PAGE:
Seminarium: The U.S. Presidential Election 2008 in historical context
22 października 2008 roku odbyło się seminarium z udziałem Davida Iversona, zatytułowanym 'The U.S. Presidential Election 2008 in historical context’, zorganizowane przez Centrum Stosunków Międzynarodowych oraz Ambasadę Stanów Zjednoczonych Ameryki.
Dave Iverson, veteran public television producer and anchor in the United States, will offer an insider’s perspective on the American election. Using survey data, current campaign advertisements, and footage from previous debates, he will look at the issues that matter most to the American voter and examine how the two campaigns have approached those issues and this election. Additionally, Iverson will address the importance of „battleground states,” the possible impact of race and gender on this election, and the role of debates in presidential campaigns.
David Iverson has been an executive producer and anchor of national, regional and local specials for public broadcasting for 30 years. Iverson is based in San Francisco, where he also hosts programs for KQED public radio and television. In 2000, he served as the Presidential Debate Commission’s coordinating producer for the Vice Presidential Debate between Dick Cheney and Joe Lieberman. He was the writer, narrator and co-producer of the 1999 national Emmy award winning PBS documentary 'The 30 Second Candidate.’ In all, he has written and supervised production of over 25 documentaries for national prime time broadcast on PBS.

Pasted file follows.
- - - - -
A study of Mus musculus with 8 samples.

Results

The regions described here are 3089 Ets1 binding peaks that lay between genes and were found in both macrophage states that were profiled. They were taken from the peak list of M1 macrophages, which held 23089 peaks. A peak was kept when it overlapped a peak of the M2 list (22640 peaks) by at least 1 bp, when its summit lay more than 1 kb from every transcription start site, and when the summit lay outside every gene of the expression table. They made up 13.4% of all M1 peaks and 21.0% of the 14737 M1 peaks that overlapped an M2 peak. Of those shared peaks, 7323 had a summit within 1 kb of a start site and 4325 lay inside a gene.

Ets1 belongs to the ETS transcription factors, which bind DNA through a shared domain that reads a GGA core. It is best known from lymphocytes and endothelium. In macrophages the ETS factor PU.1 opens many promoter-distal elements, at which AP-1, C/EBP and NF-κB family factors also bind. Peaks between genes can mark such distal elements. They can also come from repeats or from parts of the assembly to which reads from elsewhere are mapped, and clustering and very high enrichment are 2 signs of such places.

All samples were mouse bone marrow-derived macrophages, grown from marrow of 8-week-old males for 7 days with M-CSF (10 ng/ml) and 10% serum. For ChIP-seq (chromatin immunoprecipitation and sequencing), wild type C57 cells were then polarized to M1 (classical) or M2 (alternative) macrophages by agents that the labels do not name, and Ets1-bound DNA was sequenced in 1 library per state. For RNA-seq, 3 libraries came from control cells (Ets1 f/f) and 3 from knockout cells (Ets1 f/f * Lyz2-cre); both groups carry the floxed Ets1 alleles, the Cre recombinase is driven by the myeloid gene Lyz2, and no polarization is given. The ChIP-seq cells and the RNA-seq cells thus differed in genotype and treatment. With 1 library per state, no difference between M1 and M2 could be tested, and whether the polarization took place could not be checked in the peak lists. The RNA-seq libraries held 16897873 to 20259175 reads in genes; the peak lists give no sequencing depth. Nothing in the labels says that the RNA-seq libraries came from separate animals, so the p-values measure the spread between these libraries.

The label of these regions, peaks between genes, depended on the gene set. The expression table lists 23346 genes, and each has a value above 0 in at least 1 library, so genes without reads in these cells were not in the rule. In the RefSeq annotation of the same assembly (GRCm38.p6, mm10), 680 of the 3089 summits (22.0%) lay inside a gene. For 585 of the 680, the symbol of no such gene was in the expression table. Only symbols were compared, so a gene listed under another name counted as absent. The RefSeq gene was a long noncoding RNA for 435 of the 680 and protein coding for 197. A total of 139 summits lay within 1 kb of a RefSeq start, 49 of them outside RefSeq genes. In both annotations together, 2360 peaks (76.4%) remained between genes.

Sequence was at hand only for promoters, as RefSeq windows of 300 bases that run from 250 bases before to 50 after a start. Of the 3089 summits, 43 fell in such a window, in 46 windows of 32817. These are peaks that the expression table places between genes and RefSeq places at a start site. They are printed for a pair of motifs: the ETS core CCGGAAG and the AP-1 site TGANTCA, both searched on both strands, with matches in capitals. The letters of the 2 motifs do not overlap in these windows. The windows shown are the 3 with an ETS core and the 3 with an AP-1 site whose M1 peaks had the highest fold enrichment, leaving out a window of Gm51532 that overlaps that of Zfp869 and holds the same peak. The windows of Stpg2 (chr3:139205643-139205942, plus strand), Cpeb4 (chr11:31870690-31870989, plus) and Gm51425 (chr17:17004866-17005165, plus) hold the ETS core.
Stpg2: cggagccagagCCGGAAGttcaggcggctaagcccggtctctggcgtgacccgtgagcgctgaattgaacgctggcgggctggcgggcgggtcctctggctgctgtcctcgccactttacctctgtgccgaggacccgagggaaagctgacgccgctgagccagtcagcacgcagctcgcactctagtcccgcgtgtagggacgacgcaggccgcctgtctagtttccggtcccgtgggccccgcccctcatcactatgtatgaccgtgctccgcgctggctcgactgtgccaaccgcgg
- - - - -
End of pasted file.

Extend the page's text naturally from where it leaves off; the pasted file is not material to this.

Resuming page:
Iverson’s extensive experience includes four years as the exective director of Best Practices in Journalism, 20 years of involvement with public television, and extensive consulting, advising, and lecturing. His awards include a national Emmy Award, the Alfred I. dupont-Columbia Award, the Gabriel Award, the New York Film Festival Gold and Silver Awards, the Chicago Film Festival Gold Hugo, the Corporation for Public Broadcasting Gold Award, and the Ohio State award, as well as numerous regional and local awards.
Iverson is a graduate of Stanford University and received his MS in Telecommunications from Indiana University.